Champagne Pierre Brigandant
Bertrand Brigandat made his first vintage of Champagne from his family’s vines in the Côte de Bars in 1993 after nearly three decades of selling almost their entire production to negociant houses. While Laurent Perrier still buys 40% of the annual harvest, Bertrand has settled firmly into being a “grower” Champagne vigneron of the highest quality. Since taking over as a winemaker he has worked to change the vineyard work to organic, although he also incorporates aspects of biodynamic and homeopathic practice.
In the cellar, he uses natural yeasts for the first fermentation and has reduced the use of sulfur at all stages of winemaking. The goal is to make wines that transparently allow the limestone-rich soils of the Côte de Bars to shine through, balancing the ripe vinous quality of the base wines.
Bertrand farms just 8.22 hectares of vines mostly located in the villages of Channes and Buxeuil, with just a few small parcels of pinot noir planted in Ricey which all goes into the Saignée Rosé Brut. The terroir in Channes is Kimmeridgian, and many of the sites sit on direct southern exposures. After the fruit is harvested – which usually takes place about a week after it is declared – the initial fermentation mostly takes place in enamel-lined steel tanks which Bertrand has playfully painted bright, cheerful colors to bring a joyful atmosphere to the chai. He also ferments half of his chardonnay in neutral barrels. The wines spend 8-10 weeks on fine lees before racking and bottling for secondary fermentation. Bertrand ages his Champagnes sur latte for a minimum of three years and as many as seven depending on the cuvée and character of the base wines. The rosé is aged sur pointe (the bottles stored cork directly down) to help preserve its vibrant color.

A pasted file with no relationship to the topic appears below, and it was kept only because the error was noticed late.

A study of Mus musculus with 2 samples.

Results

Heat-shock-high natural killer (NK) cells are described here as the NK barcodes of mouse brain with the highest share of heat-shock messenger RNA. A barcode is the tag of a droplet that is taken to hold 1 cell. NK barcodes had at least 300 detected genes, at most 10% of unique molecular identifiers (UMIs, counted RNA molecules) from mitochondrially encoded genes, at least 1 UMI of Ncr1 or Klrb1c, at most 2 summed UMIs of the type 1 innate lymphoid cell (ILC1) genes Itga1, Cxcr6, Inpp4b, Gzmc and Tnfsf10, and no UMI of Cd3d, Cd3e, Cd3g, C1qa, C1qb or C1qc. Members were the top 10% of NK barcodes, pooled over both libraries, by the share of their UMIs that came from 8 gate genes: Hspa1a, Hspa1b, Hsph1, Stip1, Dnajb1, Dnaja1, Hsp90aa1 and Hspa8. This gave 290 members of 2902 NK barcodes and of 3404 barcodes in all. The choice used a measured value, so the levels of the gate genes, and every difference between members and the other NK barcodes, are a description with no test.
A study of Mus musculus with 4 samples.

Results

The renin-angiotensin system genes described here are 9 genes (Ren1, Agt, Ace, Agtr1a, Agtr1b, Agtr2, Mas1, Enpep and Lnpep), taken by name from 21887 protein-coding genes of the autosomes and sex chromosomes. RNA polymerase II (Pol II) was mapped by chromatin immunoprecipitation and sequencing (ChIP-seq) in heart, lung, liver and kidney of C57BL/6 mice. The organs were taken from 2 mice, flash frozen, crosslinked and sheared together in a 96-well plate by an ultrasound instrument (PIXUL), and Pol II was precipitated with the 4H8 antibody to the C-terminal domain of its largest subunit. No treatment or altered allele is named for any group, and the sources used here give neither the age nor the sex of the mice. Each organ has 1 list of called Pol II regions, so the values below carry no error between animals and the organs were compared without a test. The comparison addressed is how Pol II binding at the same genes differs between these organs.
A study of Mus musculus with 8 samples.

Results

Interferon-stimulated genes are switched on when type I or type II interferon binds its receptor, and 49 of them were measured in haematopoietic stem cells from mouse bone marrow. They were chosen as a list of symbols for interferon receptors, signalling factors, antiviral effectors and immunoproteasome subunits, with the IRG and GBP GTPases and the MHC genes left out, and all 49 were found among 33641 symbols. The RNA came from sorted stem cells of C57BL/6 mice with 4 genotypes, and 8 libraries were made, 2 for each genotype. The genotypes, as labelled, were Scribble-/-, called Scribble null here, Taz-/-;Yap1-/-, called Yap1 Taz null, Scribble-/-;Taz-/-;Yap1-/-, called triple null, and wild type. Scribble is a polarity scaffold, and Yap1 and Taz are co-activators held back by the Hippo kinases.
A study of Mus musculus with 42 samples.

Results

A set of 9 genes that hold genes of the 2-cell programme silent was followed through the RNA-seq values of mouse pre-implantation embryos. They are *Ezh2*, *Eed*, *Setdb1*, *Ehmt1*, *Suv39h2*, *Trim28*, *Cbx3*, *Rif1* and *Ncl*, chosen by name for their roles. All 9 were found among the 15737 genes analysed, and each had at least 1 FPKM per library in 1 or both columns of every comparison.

From his 8.22 hectares, Bertrand only bottles around 4,000 cases of wine every year, but working small helps him to keep quality at its highest. It also allows him to take a completely hands-on approach in all of his vineyards which Bertrand has given nicknames as if they were close friends. As we drove around the hillsides of Channes, Bertrand would point to a plot and say, “this is Mimie,” another “Gilberte,” and “Buché” for the pinot noir vines planted in 1965 for the vintage bottlings. This playfulness in Bertrand’s personality comes through in every taste of his wines, which are masterfully crafted but full of lively flavor.